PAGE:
Statement by Howard Harris, Jr.
All Tampa Bay should oppose the proposed I-275 toll road. First, the proposed plan will destroy 100 homes, 30 businesses, public gardens, and a community center in the Tampa Heights-Seminole Heights area. It would contaminate these two neighborhoods with a cesspool of noise and air pollution.
Second, according to Goggle Maps, during the hours of 7am to 9:30am and 4:30pm to 7:00pm, it takes over an hour to travel via car to and from Bearss Ave and Downtown Tampa. During most other hours, the trip can range from 15 minutes to 34 minutes. Yet, DOT is promoting building a toll road along this route for about $3 billion or $275 million/mile The toll, during peak times, is estimated to be $18/per one way trip and $36/per round trip. Common sense says, at best, this “Lexus” toll road will be used less than 5 hours/day for 5 days/week by only the well-heeled who can afford $18/trip during rush hour.
Third, history’s lesson is that Tampa Bay’s roadway expansions do not reduce congestion. Case in point, millions were spent on the I-275 expansion from Malfunction Junction to West Shore. Just months after the completion, that section is just as congested as ever. Additionally, the noise level and pollution of homes on the north side of I-275 and west of Lois Avenue are inundated with noise and pollution. Much of the shrubbery in the block nearest the exit ramp expansion is covered with black oily soot. Thus, Tampa Bay earned the dubious distinction of being ranked No. 11 in the nation for traffic congestion, according to TomTom International.
Additionally, the Florida Consumer Action Network Foundation, in conjunction with the Frontier Group and the nonprofit U.S. Public Interest Research Group’s Education Fund, identified The Tampa Bay Express project as one of the 12 worst highway projects in the United States.
Hence, since expansions do not work, a paradigm shift is needed to resolve Tampa Bay’s traffic congestion. The logical solution requires a 10% or more reduction of the number of cars on the road and a replacement mode of travel that is more comfortable, cheaper, and faster for that 10% of the commuting public. An initial solution could be the Bus on Shoulder System (BOSS) which allows buses to use highway emergency lanes. This has proven to be successful in reducing travel time and congestion in over ten states. The direct costs of implementing BOSS along I-40 in North Carolina was about $2,000/mile and was primarily for signs. Thus implementing BOSS along the nine miles of I-275 from Bearss Avenue to downtown Tampa would be a one-time cost of about $18,000 and not billions of dollars for a toll toad.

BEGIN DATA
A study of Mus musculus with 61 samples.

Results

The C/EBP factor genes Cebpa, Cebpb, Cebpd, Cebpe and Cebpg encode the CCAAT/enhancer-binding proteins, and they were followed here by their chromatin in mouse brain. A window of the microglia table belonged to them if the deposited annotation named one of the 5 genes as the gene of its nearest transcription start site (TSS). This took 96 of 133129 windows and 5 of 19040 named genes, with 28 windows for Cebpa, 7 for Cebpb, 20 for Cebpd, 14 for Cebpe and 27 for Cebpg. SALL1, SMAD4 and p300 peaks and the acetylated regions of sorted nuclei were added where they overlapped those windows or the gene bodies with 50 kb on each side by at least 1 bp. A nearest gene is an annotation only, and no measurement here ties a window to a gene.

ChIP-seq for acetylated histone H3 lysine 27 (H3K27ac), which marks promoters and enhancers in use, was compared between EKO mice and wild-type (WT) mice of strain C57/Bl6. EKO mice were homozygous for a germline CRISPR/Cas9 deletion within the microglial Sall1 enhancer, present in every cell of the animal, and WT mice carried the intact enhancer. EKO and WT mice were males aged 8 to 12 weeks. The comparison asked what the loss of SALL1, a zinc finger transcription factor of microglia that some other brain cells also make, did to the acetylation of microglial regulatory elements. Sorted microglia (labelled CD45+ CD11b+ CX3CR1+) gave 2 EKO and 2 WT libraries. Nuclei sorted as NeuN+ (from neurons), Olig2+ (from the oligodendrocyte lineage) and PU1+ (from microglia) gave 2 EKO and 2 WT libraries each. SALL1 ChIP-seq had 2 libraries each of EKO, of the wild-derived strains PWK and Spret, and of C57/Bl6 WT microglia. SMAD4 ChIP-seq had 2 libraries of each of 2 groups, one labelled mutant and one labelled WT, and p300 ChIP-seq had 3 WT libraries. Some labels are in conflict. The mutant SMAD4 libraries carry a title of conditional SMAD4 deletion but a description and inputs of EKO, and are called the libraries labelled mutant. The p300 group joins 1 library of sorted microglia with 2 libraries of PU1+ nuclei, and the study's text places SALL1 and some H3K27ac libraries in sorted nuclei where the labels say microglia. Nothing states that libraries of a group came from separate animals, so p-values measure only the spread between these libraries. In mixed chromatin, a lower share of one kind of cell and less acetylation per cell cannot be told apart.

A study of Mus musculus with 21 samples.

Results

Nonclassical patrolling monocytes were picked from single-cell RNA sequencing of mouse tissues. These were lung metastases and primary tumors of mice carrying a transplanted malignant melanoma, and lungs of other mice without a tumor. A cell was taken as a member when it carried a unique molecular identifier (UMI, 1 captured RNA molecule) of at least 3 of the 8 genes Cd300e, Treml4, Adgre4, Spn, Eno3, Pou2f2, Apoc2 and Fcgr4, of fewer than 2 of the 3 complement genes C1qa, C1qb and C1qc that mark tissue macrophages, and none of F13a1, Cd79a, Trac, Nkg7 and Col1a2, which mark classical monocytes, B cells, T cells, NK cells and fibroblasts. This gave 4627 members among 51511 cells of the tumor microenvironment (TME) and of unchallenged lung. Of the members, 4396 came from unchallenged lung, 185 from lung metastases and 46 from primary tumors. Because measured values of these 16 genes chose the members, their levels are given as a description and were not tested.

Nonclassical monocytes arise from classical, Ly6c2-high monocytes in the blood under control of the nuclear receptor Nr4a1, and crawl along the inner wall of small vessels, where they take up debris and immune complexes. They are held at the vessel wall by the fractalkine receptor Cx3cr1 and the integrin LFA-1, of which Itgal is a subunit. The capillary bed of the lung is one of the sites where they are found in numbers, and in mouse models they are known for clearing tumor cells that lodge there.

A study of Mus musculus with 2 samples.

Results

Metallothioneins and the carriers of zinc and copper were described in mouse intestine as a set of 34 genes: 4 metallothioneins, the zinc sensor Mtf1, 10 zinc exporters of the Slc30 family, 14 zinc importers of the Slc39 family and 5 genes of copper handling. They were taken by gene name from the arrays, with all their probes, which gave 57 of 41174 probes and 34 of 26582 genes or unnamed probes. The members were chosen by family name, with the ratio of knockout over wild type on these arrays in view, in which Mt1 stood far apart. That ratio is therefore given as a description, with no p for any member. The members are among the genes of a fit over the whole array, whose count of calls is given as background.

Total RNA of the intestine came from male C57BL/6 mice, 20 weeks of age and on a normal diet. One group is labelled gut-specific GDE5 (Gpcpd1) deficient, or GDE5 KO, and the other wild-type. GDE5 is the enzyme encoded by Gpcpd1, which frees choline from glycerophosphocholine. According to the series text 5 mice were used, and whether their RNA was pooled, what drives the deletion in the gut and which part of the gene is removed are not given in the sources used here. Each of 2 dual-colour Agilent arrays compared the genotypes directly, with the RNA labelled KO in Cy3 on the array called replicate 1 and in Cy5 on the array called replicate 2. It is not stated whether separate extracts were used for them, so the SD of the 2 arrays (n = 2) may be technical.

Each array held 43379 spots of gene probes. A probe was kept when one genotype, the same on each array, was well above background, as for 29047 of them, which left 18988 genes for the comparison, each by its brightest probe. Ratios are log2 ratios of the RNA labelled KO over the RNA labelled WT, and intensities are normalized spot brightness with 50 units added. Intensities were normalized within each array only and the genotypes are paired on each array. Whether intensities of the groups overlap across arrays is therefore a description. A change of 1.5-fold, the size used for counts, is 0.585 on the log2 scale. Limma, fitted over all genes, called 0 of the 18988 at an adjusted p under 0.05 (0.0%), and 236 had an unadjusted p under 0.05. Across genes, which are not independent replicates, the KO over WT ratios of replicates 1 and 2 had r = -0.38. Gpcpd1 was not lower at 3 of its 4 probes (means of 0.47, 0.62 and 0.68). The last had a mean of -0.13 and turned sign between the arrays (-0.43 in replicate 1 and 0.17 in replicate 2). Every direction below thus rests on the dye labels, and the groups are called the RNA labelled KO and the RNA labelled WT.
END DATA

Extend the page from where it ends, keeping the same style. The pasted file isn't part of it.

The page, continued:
BOSS coupled with a subsidized marriage to Lyft/Uber is the other leg of this solution to encourage motorist to use public transportation. Lyft/Uber could move people from Point A (for instance, homes in a ten mile radius around I-275 and Bearss) to Point B (an express bus hub located near Bearss and I-275). The express bus would then travel (initially in a BOSS lane and later on in existing dedicated lane) on I-275 to the Hart Line Marion Transit Center near Scott and Tampa Street in Downtown Tampa. From this hub, other express buses would take customers to the airport, etc. or Lyft/Uber would deliver riders locally. The same scenario would be repeated on I-4, I-75, and major thoroughfares such as Nebraska, Adamo Drive, Dale Mabry, etc.
Thus, a subsidized hybrid public/private high-functioning mass transit system would relieve traffic congestion, thereby relieving the need to cure Malfunction Junction and the stress on the Howard Frankland Bridge. This would also reduce auto insurance rates and other costs of auto ownership. Most importantly, Tampa Bay fatalities from traffic accidents could significantly be reduced from one of the highest in the nation at 12.6 deaths per 100,000 residents as reported in 2009. Other expenditures could be used to return Nebraska Ave which parallels I-275 back from two lanes to four.
Another less costly solution used in many cities such as Atlanta and Miami is dedicated lanes for two or occupants/car and busses. An existing lane could be turned into a dedicated lane. Again this reduces the number of vehicles on the road and thereby reduces air pollution and congestion. This was achieved in Miami. According to Yvette Ruiz-Paz of the Miami Transportation, express bus service increased bus ridership by 32 percent. That could equate to 32 cars out of 100 motorists not driving on the roads.
In addition to the above, travel time and congestion could be reduced by synchronizing traffic signals. According to the Texas A&M Transportation Institute, the cost could range from $30,000 to $50,000 per intersection with a long run reduction in congestion from anywhere from 5 percent to 40 percent. Assuming 100 traffic signals on Dale Marby, Florida Avenue, and Nebraska between down Tampa and Bearss Avenue, the cost for synchronization for 300 traffic signals at $50,000/per light would be about $1.5 million. This is a far cry from spending billions on a toll road with the partial destruction of two neighborhoods.
So it is past time for DOT to stop the single minded approach of more pavement is the only means to deal with traffic congestion.